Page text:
Make or break time in Italy for forming new government
President Sergio Mattarella is to meet the country’s main political parties at the climax of what Italian newspapers have dubbed “the craziest crisis ever” after the government collapsed earlier this month while parliament was on holiday.
The anti-establishment Five Star Movement (M5S) and the centre-left Democratic Party (PD) have been trying to create a new workable coalition, despite having been bitter enemies until just a few weeks ago.
After a day of rollercoaster talks Tuesday, the two sides appeared on the brink of a clinching a deal. They are set to meet again on Wednesday.
The Movement’s leader Luigi Di Maio said late Tuesday that should a deal be reached it would still have to be voted on by M5S members in an online poll that would take place before the end of next week.
“Only if the vote is positive will the M5S support the proposed government project,” he said.
The clock is ticking to ease the political turmoil, with Italy under pressure to approve a budget in the coming months.
If it fails to do so it could face an automatic rise in value-added tax that would hit the poorest families the hardest and could plunge the debt-laden country into recession.
All of Italy’s main parties have been summoned to report back to Mattarella on Wednesday.
He has insisted the crisis be resolved quickly, though he could give parties a bit more time for last-minute wrangling.
With Milan’s FTSE Mib closing up Tuesday and the spread the gap between German and Italian bond yields falling, investors and markets appeared to have faith a deal would be done.
If the PD and M5S cannot form a solid majority, the president is expected to call an early election for November.
A return to the polls will likely favour strongman Matteo Salvini, head of the far-right League, who triggered the crisis on August 8 when he withdraw his party from the governing coalition with M5S.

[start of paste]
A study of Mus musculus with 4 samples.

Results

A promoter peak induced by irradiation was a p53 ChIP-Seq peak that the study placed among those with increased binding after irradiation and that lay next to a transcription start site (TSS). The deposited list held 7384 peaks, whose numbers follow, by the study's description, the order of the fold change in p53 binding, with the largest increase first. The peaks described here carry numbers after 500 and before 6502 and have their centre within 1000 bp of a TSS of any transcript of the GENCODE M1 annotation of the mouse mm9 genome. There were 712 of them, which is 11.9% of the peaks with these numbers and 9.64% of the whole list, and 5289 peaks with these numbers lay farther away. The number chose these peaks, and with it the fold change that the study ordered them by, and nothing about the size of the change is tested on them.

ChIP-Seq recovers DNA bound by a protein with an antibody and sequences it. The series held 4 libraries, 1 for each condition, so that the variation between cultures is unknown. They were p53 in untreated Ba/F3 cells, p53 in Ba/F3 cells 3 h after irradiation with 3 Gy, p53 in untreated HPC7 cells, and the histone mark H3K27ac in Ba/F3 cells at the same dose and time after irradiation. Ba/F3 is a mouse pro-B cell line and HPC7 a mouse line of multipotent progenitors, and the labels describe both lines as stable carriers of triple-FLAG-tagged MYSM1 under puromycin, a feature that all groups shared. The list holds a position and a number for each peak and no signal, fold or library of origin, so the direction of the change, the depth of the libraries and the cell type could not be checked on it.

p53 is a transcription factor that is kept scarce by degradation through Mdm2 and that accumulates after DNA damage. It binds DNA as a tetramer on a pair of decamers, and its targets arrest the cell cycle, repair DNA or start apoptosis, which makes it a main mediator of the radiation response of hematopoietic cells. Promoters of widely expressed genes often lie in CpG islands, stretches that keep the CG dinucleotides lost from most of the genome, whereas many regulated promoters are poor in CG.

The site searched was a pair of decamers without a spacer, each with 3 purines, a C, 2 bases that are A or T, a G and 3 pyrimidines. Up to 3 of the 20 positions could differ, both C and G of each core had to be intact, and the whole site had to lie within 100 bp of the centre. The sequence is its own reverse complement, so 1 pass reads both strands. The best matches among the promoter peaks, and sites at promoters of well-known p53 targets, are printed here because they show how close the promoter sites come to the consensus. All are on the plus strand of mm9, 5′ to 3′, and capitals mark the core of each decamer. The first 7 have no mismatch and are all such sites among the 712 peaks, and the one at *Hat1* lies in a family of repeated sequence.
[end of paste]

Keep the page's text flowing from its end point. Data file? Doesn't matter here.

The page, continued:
Salvini has said he hopes Mattarella will not allow the “horse-trading to go on much longer”, accusing the PD and M5S of spending their time “negotiating ministries” rather than working out a plan for the country.
A key sticking point in the PD-M5S courtship appeared to be what cabinet role to offer the Movement’s leader Luigi Di Maio, who held the deputy prime minister and economic development minister posts in the moribund coalition.
Sources in the PD were quoted by Italian media as saying Di Maio wanted the deputy prime minister post in a new coalition - something the centre-left party has so far ruled out.
The parties bickered Monday and Tuesday over whether outgoing Prime Minister Giuseppe Conte should lead a new coalition, with the PD initially insisting they wanted a fresh cabinet line up.
But the centre-left party appeared to have had a change of heart - news which cheered not only the M5S but also US President Donald Trump, who enthusiastically gave Conte his endorsement on Twitter.
The softly-spoken former academic, who was chosen as a compromise prime minister by Salvini and Di Maio last year, has also received praise from European Council president Donald Tusk for his loyalty and “great sense of humour”.